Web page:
Talking to Erasmo Ramirez is refreshing. He always has a smile on his face. Life is fun for him — especially now. He’s having the best season of his career in Tampa Bay. It turns out that changing the use of his slider has been a big part of that success. And certain aspects of his slider may provide a roadmap for other pitchers that should make the same move.
His best pitch is his changeup — “it’s the best one to take me out of troubles,” the pitcher admitted to me — but it’s not good enough to throw every single time. “I try to stay away from it, and show the hitters I’m going to throw every pitch I have in my arsenal,” Ramirez said of his pitching mix.
The breaking balls haven’t been great. Even as Tony Blengino waxed positively on the pitcher recently, he admitted that “his breaking balls needed reps” coming up. Ramirez this year has been using his curve less (“I’ve been trying to stay away from it, unless I have it rolling.”) but a key change in his slider usage has been huge.
For his career, batters have loved facing his slider. Their .267 career ISO against the pitch is the highest of any of his pitches, despite the above-average whiff rate (14.7%). It turns out, this is because Ramirez has trouble commanding the slider. “Before, when I was ahead 0-2, 1-2, I had trouble getting the breaking ball down,” Ramirez said. “Now I can get it down more often.”
What changed? Ramirez uses the slider in different counts now. After talking to his pitching coach, he made a realization. “If it’s hard for you to throw balls with the slider or curve, start with the slider or curve!” he exclaimed to me. Everything sort of fell into place once he made that realization.
Ramirez continued to ruminate on his slider: “I know when I miss, it won’t be a ball. Then when I get to the end of the matchup, I know I can control the fastball out of the zone, and the changeup out of the zone, so I finish with those two. Start the opposite the way. Because most of the time, I can’t bring it down. So everything is around the strike zone. Use it for strikes. And then I start getting the feeling back with the breakers and I can start to control it outside of the zone.”
This year, Ramirez is throwing the slider as the first pitch 20% of the time, compared to 15% of the time in the past. His usage is up in all zero-strike counts, too. Batters have a .310 ISO on the pitch still — woof — but they’re swinging at the pitch less (down from 51% to 45%) because he’s throwing it in counts where they expect fastballs. That’s the “stolen strike,” the called strike when the batter is expecting a fastball and gets something else.
Hopefully this approach will help Erasmo Ramirez steal strikes with the slider and improve his ability to keep it out of the zone. Is it possible that his story can be used to find other pitches that should be treated the same way?
Let’s take a different look at his arsenal.
|pitch_type||All Whiffs/Swing||Zone Whiffs/Swing||Indexed Differential||Indexed Zone Whiff%|
Reading this table in plain English: Ramirez has a slider that gets good whiffs, whether it’s in or out of the zone, compared to the league’s sliders. To offer the most extreme, absurd counterpoint: Pedro Strop’s slider gets 54% whiffs per swing on pitches outside the zone, and 14% on pitches inside the zone. Pedro Strop should probably not throw his slider in the zone.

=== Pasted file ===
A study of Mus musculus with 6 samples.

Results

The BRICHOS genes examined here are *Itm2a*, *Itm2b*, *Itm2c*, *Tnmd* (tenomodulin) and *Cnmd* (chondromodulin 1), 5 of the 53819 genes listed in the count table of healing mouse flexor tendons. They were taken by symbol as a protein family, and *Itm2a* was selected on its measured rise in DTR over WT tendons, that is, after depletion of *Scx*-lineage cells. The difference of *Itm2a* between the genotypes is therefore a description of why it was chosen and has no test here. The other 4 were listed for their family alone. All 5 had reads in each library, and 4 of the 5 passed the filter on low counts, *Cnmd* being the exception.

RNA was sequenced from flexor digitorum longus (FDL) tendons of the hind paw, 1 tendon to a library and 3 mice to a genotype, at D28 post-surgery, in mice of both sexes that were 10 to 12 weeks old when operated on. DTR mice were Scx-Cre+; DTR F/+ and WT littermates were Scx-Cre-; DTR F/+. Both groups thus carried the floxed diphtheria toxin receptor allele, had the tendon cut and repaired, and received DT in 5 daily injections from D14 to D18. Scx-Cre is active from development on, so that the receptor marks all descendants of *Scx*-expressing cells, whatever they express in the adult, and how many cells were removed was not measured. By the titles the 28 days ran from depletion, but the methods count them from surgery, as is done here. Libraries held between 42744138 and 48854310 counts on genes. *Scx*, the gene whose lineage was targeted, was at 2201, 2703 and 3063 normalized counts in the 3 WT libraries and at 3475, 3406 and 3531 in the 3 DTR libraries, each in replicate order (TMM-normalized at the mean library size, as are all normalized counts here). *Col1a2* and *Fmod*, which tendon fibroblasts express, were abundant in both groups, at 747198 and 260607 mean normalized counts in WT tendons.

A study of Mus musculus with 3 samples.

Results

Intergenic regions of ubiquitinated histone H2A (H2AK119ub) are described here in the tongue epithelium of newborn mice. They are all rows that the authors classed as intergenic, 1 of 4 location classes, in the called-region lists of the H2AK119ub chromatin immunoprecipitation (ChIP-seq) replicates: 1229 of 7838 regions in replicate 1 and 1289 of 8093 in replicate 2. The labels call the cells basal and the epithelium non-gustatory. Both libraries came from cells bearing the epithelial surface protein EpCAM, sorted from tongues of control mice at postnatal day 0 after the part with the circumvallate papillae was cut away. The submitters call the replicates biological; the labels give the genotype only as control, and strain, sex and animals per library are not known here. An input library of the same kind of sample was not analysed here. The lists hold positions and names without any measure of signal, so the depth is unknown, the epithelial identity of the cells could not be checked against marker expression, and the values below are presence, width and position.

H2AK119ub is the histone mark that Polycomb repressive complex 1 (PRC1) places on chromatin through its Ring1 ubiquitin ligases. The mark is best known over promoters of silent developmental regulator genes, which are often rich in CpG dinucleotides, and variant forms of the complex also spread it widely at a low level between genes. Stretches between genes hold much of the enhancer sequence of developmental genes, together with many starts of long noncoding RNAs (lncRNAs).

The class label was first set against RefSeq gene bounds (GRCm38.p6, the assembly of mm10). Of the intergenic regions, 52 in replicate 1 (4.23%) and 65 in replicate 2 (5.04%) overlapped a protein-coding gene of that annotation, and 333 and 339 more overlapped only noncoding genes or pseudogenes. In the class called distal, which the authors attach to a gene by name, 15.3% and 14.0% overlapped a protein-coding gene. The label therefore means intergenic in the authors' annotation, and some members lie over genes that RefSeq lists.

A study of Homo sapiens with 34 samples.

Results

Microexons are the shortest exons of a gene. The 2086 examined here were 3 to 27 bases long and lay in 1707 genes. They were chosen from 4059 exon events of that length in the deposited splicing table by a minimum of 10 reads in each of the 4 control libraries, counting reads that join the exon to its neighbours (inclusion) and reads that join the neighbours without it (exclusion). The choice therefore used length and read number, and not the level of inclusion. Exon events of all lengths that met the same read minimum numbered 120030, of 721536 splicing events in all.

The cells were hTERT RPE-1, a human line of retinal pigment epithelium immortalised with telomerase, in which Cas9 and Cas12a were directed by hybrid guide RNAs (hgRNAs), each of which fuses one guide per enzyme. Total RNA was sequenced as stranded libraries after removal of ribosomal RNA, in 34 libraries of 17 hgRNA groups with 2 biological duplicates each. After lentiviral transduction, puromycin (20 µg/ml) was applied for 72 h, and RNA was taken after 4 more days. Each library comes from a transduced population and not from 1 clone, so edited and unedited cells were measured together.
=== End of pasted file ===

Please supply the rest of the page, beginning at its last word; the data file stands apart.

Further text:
In order to find other strike-stealing candidates, we’re looking for starting pitchers that get decent whiffs on a pitch inside the zone, and have a small differential between inside and outside the zone. That means that, if the batter swings, they’re not offering a meatball, but it also looks like they can command the pitch inside the zone. In order to sort this grouping into our finalists, let’s also look for pitches that currently have high swing rates and bad outcomes.
Here’s your group of pitchers that should consider using these pitches for stolen strikes.
|Name||pitch_type||All Whiff%||Zone Whiff%||Diff+||zWhiff%+||Swing%+||ISO||0-0%||All%|
Right off the bat, it looks like we’ve done a good job. Mostly because a few of these guys are already using these pitches this way. Look at CC Sabathia, Ubaldo Jimenez, and Matt Garza — they are suppressing swings on their battered pitches by throwing them in first pitches — right now. And if the batter swings, they still get a decent amount of whiffs on the pitch.
But we still have a few candidates for change. Danny Duffy’s change is not a great pitch by movement — it only gets two inches of drop off his fourseam, and an inch of fade over his two-seam — but it has a an average velocity gap. It gets okay whiffs in or out of the zone. Looks like a great pitch to throw in fastball counts. You could say the same for Raisel Iglesias and his slider.
While those two may not have the command to pull it off, Jered Weaver’s name has come up repeatedly in my conversations with pitchers about command. He can command the curve to steal strikes. The only problem with his candidacy is that he already throws any pitch in any count, and throwing the curve more often in fastball counts might actually make him more predictable.
Erasmo Ramirez found that he was around the zone anyway with a pitch that got decent whiffs whether it was in the zone or out. So he decided to change his usage of the pitch and throw more sliders in fastball counts. Turns out, his approach might be useful for Danny Duffy’s changeup and Raisel Iglesias‘ slider as well.
With a phone full of pictures of pitchers' fingers, strange beers, and his two toddler sons, Eno Sarris can be found at the ballpark or a brewery most days. Read him here, writing about the A's or Giants at The Athletic, or about beer at October. Follow him on Twitter @enosarris if you can handle the sandwiches and inanity.